File photo: Bushehr nuclear power plant in southern Iran. Photograph:( AFP )
Iran's Atomic Energy Organisation published a photo showing a shed at ground level had been partly burned.
Iran's nuclear body said an accident took taken place at a warehouse in a nuclear complex without causing casualties or radioactive pollution.
The Natanz Fuel Enrichment Plant (FEP), Iran's main uranium enrichment site, is one of the several Iranian facilities monitored by the United Nations nuclear watchdog.
Iran's Atomic Energy Organisation later published a photo showing a shed at ground level had been partly burned.
"There is some damage to the shed which we are investigating. It was inactive and there was no radioactive material in it and there were no personnel," the organisation's spokesman, Behrouz Kamalvandi, told state TV.
"There has been no interruption in the work of the enrichment site and no damage to the site."
The governor of Natanz city, Ramazanali Ferdosi, said the incident caused a fire but he gave no further details about the cause, the Tasnim news agency reported. Experts from the Atomic Energy Organisation are investigating.
Some experts did not rule out the possibility of sabotage given the importance of the Natanz nuclear site.
"Considering that this so-called incident happened just a few days after the explosion near the Parchin military base, the possibility of a sabotage cannot be ruled out," a former Iranianian nuclear official told Reuters.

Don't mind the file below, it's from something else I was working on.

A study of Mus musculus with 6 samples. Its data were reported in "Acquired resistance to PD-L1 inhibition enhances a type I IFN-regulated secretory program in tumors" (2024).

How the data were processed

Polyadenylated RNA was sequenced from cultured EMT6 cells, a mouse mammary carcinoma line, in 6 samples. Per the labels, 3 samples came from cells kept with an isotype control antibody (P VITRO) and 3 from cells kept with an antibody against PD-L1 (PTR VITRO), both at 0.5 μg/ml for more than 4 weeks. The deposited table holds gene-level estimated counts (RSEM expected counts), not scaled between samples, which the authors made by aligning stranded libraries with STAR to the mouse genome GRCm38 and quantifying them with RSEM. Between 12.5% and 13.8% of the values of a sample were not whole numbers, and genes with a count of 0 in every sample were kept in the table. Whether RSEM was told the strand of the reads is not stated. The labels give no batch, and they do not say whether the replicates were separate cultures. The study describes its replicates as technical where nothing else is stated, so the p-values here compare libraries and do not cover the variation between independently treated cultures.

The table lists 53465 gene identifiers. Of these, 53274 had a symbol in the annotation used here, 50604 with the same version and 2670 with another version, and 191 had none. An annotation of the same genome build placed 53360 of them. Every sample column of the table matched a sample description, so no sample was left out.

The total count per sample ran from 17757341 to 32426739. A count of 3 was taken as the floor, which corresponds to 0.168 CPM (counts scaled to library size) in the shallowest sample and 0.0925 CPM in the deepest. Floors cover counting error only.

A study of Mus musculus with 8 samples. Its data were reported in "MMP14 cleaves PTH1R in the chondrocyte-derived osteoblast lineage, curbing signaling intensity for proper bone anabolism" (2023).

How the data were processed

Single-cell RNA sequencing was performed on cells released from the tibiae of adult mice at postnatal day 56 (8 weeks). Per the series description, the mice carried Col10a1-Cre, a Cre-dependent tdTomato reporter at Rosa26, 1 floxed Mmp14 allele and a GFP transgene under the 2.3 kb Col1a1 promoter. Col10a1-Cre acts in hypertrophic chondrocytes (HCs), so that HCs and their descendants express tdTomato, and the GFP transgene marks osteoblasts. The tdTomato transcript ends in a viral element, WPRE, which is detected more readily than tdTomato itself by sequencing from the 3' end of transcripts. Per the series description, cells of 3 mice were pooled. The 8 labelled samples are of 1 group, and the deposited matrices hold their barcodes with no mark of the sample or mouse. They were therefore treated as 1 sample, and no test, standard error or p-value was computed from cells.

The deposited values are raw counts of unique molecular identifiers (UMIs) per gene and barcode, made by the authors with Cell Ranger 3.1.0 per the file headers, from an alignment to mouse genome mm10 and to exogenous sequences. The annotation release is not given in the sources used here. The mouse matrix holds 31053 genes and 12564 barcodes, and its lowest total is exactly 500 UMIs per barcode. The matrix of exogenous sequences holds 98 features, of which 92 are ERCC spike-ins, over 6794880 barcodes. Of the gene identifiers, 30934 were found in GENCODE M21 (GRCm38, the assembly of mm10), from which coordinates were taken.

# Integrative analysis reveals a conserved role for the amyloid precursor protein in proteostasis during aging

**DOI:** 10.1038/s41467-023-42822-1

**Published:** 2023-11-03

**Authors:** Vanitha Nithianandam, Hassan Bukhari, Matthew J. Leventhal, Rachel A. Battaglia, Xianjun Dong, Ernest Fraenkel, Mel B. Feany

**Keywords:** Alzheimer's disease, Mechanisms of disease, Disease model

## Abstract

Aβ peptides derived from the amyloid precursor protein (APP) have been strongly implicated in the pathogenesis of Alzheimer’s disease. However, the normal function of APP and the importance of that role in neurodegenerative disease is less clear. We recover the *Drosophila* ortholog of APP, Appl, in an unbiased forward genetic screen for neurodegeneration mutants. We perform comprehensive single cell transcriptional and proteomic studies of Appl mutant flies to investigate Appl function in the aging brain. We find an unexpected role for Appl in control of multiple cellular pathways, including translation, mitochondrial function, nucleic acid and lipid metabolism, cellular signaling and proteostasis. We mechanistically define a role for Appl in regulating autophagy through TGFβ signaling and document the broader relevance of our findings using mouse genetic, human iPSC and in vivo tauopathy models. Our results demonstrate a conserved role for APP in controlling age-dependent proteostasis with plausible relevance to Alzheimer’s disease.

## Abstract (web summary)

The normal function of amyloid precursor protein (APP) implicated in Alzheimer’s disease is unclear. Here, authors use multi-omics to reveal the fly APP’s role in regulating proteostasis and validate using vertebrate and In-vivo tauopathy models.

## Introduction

"Also Natanz enrichment facility has been targeted in the past by a computer virus," he said, referring to an attack in 2010 by the Stuxnet computer virus that damaged centrifuges and is widely believed to have been developed by the United States and Israel.
Last Friday an explosion occurred east of Tehran near a sensitive military complex which the authorities said was caused by a tank leak in a gas storage facility in a public area.
Western security services believe Tehran carried out tests relevant to nuclear bomb detonations more than a decade ago at the Parchin military and weapons development base. Iran has denied it carried out such tests.
Iran agreed to curb its nuclear program in exchange for the removal of most international sanctions in a deal reached between Tehran and six world powers in 2015.
But Tehran has gradually reduced its commitments to the accord since US President Donald Trump's administration withdrew from the agreement in 2018 and reimposed and intensified sanctions that have battered Iran's economy.
The deal only allows Iran to enrich uranium at Natanz facility, with just over 5,000 of first-generation IR-1 centrifuges.
Israel has backed Trump's "maximum pressure" policy on Tehran aimed at forcing it to agree a new deal that puts stricter limits on its nuclear work, curbs its ballistic missile program and ends its regional proxy wars.
Iran says it will not negotiate as long as sanctions remain in place.
The International Atomic Energy Agency, which is policing the nuclear deal and carries out inspections in Iran said it was aware of reports about Natanz.
"We currently anticipate no impact on the IAEA's safeguards verification activities," it said in a statement.